TALLAHASSEE, Fla. – Nearly 50,000 property owners forced from their homes for more than a month by Hurricane Ian or Hurricane Nicole could be eligible for tax relief under a bill that was being prepared Friday for a special legislative session next week.
A draft of the bill would allow property-tax refunds based on the number of days — starting at 30 — that structures were uninhabitable after the Category 4 Ian, which made landfall Sept. 28 in Southwest Florida, and the Category 1 Nicole, which made landfall Nov. 10 near Vero Beach.
House and Senate leaders Tuesday issued a proclamation that gave an outline of issues that will be considered during the session, including hurricane tax relief, property-insurance changes and credits for frequent users of toll roads. Bills had not been released as of early Friday afternoon.
The draft proposal on taxes would limit refunds to areas of properties where people live, excluding damage to detached structures such as garages and carports, bulkheads, fences, swimming pools and land.
State economists, who analyzed the proposal Friday, don’t anticipate 100% participation.
“There is documentation that has to be submitted. Their home has been destroyed. You’re dealing with insurance agents and contractors. Getting your house appraised. People going through all those life issues, even saving a little bit may not be on top of your mind,” said Amy Baker, coordinator of the Legislature’s Office of Economic & Demographic Research.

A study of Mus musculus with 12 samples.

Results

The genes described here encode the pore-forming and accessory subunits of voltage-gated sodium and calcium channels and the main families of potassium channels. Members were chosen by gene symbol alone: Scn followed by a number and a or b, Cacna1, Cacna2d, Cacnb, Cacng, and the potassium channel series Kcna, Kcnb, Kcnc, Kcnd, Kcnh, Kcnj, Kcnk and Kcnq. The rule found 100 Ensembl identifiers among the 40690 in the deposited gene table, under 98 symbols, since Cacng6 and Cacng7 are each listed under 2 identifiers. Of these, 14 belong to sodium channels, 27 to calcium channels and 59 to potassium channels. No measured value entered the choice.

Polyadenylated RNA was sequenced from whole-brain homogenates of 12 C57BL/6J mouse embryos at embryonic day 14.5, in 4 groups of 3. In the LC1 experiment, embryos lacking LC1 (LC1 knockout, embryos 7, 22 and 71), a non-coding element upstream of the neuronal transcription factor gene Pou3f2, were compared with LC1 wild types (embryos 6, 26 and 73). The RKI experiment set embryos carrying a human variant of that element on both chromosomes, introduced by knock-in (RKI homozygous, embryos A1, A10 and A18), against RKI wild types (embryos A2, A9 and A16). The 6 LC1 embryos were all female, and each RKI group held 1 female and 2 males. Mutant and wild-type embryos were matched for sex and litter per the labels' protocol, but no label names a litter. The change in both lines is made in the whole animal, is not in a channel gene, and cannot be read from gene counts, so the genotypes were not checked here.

According to American Red Cross numbers, more than 215,000 homes were damaged to some extent by Hurricane Ian, the stronger of the storms.
Using those figures, along with numbers from local property appraisers and other sources, the economists Friday projected that 48,182 homeowners could qualify for refunds because their residences sustained major damage or were totally destroyed, rendering them uninhabitable.
Most of those homes, an estimated 30,630, are in Lee County, where Ian made initial landfall.
About 685 homes across the state, with the most in Volusia County, are expected to qualify because of damage from Nicole. Overall, the economists projected refunds could reach $18.27 million.
Property owners would have to apply with county property appraisers between Jan. 1 and April 1.
As of Wednesday, Ian had resulted in 455,960 residential property-insurance claims, according to the state Office of Insurance Regulation. Nicole has caused 32,176 residential claims as of Nov. 28.
The draft proposal also would delay tax deadlines for property destroyed or made uninhabitable by the two hurricanes.